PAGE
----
A teenage hacker who said he broke into computer systems across the country and helped others attack the White House Web site pleaded guilty yesterday in federal court to one count of computer intrusion.
Eric Burns, 19, of Shoreline, Wash., who used the cyber nickname "Zyklon," was indicted in May by a federal grand jury. He was accused of breaking into three Washington area computer systems, including the one used by the U.S. Information Agency.
Prosecutors agreed to drop two of the three charges in exchange for Burns's plea and for his agreement to pay $36,240 in restitution. He is scheduled to be sentenced in November and faces a fine of up to $250,000 and a maximum prison sentence of five years.
Burns told authorities that he also had managed to alter World Wide Web sites used by Vice President Gore and NATO, among others.
Helen F. Fahey, U.S. attorney for the Eastern District of Virginia, said yesterday that she expects Burns will spend some time in prison.
"Burns's hacking caused many people to have to spend many, many hours correcting the problems he caused," Fahey said.
Some hackers have argued that they do a valuable service by pointing out the security flaws in supposedly secure computer systems, but Fahey said that "Burns's hacking was no more of a service than the actions of a burglar who defeats a weak alarm system and cleans out the entire contents of his victim's house."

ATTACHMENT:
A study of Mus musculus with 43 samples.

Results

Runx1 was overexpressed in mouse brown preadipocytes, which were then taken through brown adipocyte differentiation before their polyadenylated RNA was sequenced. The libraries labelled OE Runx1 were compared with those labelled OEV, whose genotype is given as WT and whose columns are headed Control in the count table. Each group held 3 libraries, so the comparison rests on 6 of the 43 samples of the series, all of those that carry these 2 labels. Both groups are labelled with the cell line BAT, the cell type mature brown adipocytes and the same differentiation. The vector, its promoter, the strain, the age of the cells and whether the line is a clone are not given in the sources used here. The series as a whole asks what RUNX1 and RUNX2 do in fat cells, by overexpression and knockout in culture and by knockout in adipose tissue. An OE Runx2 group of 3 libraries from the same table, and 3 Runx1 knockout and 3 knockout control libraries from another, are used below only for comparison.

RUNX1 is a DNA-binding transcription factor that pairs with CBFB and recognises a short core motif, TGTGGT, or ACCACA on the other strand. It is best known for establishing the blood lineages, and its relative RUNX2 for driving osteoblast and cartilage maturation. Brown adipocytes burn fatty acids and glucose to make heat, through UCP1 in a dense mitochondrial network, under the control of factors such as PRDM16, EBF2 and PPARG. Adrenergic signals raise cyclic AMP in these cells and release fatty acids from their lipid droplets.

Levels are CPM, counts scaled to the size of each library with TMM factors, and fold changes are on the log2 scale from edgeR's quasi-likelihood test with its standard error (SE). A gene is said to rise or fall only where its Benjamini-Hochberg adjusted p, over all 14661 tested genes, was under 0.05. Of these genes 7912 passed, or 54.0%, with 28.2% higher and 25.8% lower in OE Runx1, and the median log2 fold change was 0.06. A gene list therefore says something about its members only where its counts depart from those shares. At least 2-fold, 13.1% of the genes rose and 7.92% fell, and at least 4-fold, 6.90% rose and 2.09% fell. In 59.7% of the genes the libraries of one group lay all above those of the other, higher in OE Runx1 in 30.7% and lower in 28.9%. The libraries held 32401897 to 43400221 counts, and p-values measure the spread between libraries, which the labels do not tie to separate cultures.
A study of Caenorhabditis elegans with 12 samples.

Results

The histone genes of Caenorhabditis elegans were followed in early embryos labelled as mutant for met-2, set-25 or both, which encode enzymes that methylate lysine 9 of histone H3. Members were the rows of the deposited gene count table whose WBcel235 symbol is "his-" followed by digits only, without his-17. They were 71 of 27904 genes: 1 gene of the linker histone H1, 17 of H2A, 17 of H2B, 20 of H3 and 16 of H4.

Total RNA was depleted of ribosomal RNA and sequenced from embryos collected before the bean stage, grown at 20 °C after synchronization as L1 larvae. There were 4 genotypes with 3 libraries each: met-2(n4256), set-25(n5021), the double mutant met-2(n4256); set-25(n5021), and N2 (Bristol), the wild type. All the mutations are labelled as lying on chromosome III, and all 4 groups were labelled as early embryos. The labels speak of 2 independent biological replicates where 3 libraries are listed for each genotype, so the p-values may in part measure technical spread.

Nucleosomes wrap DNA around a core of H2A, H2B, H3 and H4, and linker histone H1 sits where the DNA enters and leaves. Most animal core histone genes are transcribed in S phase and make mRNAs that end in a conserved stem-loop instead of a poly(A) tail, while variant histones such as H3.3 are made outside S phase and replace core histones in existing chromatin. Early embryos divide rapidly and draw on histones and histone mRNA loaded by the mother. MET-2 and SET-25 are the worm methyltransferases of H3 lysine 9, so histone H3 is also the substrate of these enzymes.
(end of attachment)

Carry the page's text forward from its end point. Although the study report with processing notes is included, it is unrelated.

According to court records, Burns admitted to attacking six computer systems, which he infiltrated by using the Internet. Using a program he designed and called "Web Bandit," Burns scanned sites on the Web, searching for vulnerable computer systems. He would infiltrate systems and arrange for visitors to see a Web page of his own design.
Burns hacked four times into the computer server at Electric Press in Reston, which was the host of Web pages for the USIA, NATO and Gore. All those sites were altered. The attacks, investigators said, also affected U.S. embassy and consulate Web sites and others that depended on the USIA for information.
One attack made thousands of pages of information unavailable and resulted in officials closing down the USIA Web site for eight days.
Burns made his final assault onto the Electric Press server on Jan. 22 when investigators say he replaced the USIA page with one that read: "United States lack of information agency . . . surely, after you get hacked twice . . . and reinstall . . . you can learn from it . . . oh yeah, you're clueless."
Burns also was known for leaving love notes for a high school classmate named Crystal on the Web pages he defaced, and he was fast making a name for himself in the underground world of computer hacking when he got caught this year.
In May, the White House Web server was attacked, and an attempt was made to replace it with a page that contained references to Zyklon and Crystal. The White House was alerted, shut down its server and disconnected its public and private computer networks from the Internet for two days.
Burns took credit for the attack during an Internet chat session, but according to court records, he told the court that he was not responsible for the attack and instead had provided advice to others about how to do it.